As the Jazz turn now toward the playoffs against Oklahoma City on Sunday, their onramp to that second season is less than wide open. It was and then it wasn’t. It isn’t.
The Bugatti Veyron Super Sport the Jazz were piloting against the Warriors on Tuesday night quickly transformed into a B-210 Datsun on Wednesday against the Blazers. And perhaps the most significant aspect to that sudden change is that the first game didn’t mean much to the opposition, the latter one did.
Now every minute of every game matters to everyone.
Not that the past is inconsequential.
The most oft-cited number about the Jazz, and the most impressive, is their record from the last week of January until regular season’s end, when they won 29 games and lost six.
Who does that? It’s easy to identify who doesn’t do it — a team that started 19-28.
The 1996-97 Jazz Finals team did it, winning 41 of its final 47 games.
The 1997-98 Jazz Finals team did it, winning 32 of its final 37 games.
But those teams were predicted to burn down the track in the NBA’s biggest race, boosted as they were by two future Hall of Famers.
UTAH JAZZ VS. OKLAHOMA CITY THUNDER
Game 1 • Jazz at Thunder, 4:30 p.m. Sunday, TNT
Game 2 • Jazz at Thunder, 6 p.m. Wednesday, NBA TV
Game 3 • Thunder at Jazz, 8 p.m. April 21, ESPN
Game 4 • Thunder at Jazz, 8:30 p.m. April 23, TNT
Game 5 (if necessary) • Jazz at Thunder, TBD April 25
Game 6 (if necessary) • Thunder at Jazz, TBD April 27
Game 7 (if necessary) • Jazz at Thunder, TBD April 29
This season’s Jazz iteration pulled off something all too rare in the NBA — the unexpected. A lot of experts think — usually correctly — they pretty much can pencil in which teams will make the playoffs, which teams will contend for a title before the season starts.
They could not foresee one of the greatest turnarounds in NBA history by a Jazz team that had garnered sympathy across the league when Gordon Hayward stoned it in free agency, but not any realistic projections as a playoff team in the ultra-competitive West.
But … does that sort of eye-pop make them great? Does it prepare them for what comes next, what comes now?
The Jazz certainly didn’t look great in Portland in a loss that dropped them from the West’s third spot to its fifth. They did look great in their 40-point win over Golden State.
Royce O’Neale said he thinks his team is great, but that referred more to the camaraderie of the group than its competitive accomplishment. In that regard, as three different Jazz players said this week: “We still have work to do.”
You have to wonder if the Jazz’s 2018 Great Surprise will work against them or jolt them when new heavy meaning is attached to every game, when both teams are hitting the throttle hard. Particularly on the road, where the Jazz will start the series with OKC.
They looked unsettled and … nervous against the Blazers. And they were punished for it.
Quin Snyder wants no part of any premature pronouncement that the Jazz could be anything close to great. There’s still too much uncovered bad pavement up ahead.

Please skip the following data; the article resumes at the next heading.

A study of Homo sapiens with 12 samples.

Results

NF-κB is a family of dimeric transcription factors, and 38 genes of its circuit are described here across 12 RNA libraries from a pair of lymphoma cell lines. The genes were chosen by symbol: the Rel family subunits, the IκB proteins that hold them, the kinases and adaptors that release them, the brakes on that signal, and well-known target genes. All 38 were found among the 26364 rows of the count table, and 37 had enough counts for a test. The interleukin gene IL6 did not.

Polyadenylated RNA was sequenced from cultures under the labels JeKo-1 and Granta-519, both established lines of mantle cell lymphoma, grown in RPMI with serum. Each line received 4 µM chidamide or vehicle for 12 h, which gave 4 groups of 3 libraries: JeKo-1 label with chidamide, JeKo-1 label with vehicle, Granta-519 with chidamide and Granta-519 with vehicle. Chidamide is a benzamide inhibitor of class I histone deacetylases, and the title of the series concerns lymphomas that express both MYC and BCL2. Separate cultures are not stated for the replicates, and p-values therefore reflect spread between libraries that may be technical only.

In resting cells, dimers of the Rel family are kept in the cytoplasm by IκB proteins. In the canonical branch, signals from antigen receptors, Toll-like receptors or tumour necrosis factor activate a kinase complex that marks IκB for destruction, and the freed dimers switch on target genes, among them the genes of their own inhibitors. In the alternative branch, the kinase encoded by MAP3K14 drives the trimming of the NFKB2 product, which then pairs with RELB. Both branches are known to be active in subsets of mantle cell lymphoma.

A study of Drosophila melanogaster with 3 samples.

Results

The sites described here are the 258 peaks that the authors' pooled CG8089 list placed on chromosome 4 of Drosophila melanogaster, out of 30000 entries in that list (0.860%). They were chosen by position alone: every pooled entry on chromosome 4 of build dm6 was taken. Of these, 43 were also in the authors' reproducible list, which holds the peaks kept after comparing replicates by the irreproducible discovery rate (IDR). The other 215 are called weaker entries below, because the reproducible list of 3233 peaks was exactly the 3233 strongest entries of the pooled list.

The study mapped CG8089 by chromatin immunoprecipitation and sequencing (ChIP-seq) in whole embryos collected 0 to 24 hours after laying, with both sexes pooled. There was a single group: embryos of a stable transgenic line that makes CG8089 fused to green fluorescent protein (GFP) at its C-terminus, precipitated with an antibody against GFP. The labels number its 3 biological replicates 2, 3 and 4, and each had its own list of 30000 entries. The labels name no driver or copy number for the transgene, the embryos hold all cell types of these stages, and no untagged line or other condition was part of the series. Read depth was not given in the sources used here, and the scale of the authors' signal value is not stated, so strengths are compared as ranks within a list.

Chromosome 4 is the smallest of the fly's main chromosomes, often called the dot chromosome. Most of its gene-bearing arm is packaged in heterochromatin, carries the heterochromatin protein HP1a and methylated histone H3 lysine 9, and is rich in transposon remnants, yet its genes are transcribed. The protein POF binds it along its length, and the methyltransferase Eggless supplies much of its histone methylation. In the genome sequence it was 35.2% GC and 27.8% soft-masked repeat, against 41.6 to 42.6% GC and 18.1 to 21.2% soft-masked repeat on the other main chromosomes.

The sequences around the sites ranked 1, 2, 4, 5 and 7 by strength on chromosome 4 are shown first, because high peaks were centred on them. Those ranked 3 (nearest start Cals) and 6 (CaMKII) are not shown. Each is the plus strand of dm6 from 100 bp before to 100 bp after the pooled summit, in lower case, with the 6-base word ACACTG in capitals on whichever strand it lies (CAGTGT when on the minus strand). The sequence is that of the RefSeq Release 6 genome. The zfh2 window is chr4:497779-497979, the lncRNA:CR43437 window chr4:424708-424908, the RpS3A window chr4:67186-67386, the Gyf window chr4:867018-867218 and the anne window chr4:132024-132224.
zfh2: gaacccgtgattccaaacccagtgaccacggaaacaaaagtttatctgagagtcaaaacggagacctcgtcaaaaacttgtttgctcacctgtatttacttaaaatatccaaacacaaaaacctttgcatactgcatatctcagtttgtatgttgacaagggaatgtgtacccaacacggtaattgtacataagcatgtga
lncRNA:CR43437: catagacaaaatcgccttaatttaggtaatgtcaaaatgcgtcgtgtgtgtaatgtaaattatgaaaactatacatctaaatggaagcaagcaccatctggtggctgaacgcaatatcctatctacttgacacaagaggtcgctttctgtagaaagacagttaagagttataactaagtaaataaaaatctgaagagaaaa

He concedes in quiet moments that what his team achieved in the run to the postseason was notable, not by way of anybody’s brilliance, rather in the everyday grind — none of which the experts saw — of a bunch of players collectively setting a goal and a jaw as they ascended to blind heights.
“We are just a group of guys that really play for each other,” he said the other day. “There is some toughness to this team that has shown itself over the course of the season that maybe you didn’t see right away.”
No. You did not see it because nobody did, at least not anyone not named Rudy Gobert. You saw a team that might be headed for the lottery.
Along the way — some say the pivot came in an overtime road win against Detroit — something out of the ordinary happened. The Jazz awakened. And it wasn’t just against lousy teams. They beat Toronto, Golden State, New Orleans, San Antonio, Portland, Minnesota, Indiana and the like. Still, the six losses, especially the last one, remind everyone that the engine is not yet fully tuned.
None of those wins or defeats matter now, other than the positive pattern they set in the good times for a team made dangerous by its defense, ball movement, and belief — at least the one outwardly spoken — that those last 35 games are the truth, not the 37 that preceded them.
How the Jazz will fare in a righteous playoff setting is uncertain, although, as Derrick Favors put it, “We feel like we’ve already been in the playoffs for weeks now.”
Said Joe Ingles: “We always try to play the same way we have been playing. We’ve made a focus of trying to play 48 minutes as consistently as we can.”
Snyder added: “There are certain things as a team you can control, you try to control them as best as you can. That’s our focus. If we can do that and compete, we have a chance to have success.”
So the Jazz will try to control Russell Westbrook and Paul George.
They might win this first-round series, they might lose it.
Either way, greater future success is no longer a pipe dream. It’s a couple of medium-sized steps away, but only a couple. With the emergence of Donovan Mitchell and Gobert, it feels like the early years here with John Stockton and Karl Malone. Everyone realizes now that 2017-18 wasn’t a step backward, it’s more of a step up, and a setup for a Jazz run that could fire the emotions of basketball fans here for a fistful of years, maybe more.
“What makes this a story [now] is that nobody expected it,” Mitchell said. “The thing is, we knew we were going to be good … as long as we stayed the course.”
That, the Jazz have done. The question remains: Can they do it when it matters most?
Gordon Monson hosts “The Big Show” weekdays from 3 to 7 p.m. on 97.5 FM and 1280 AM The Zone.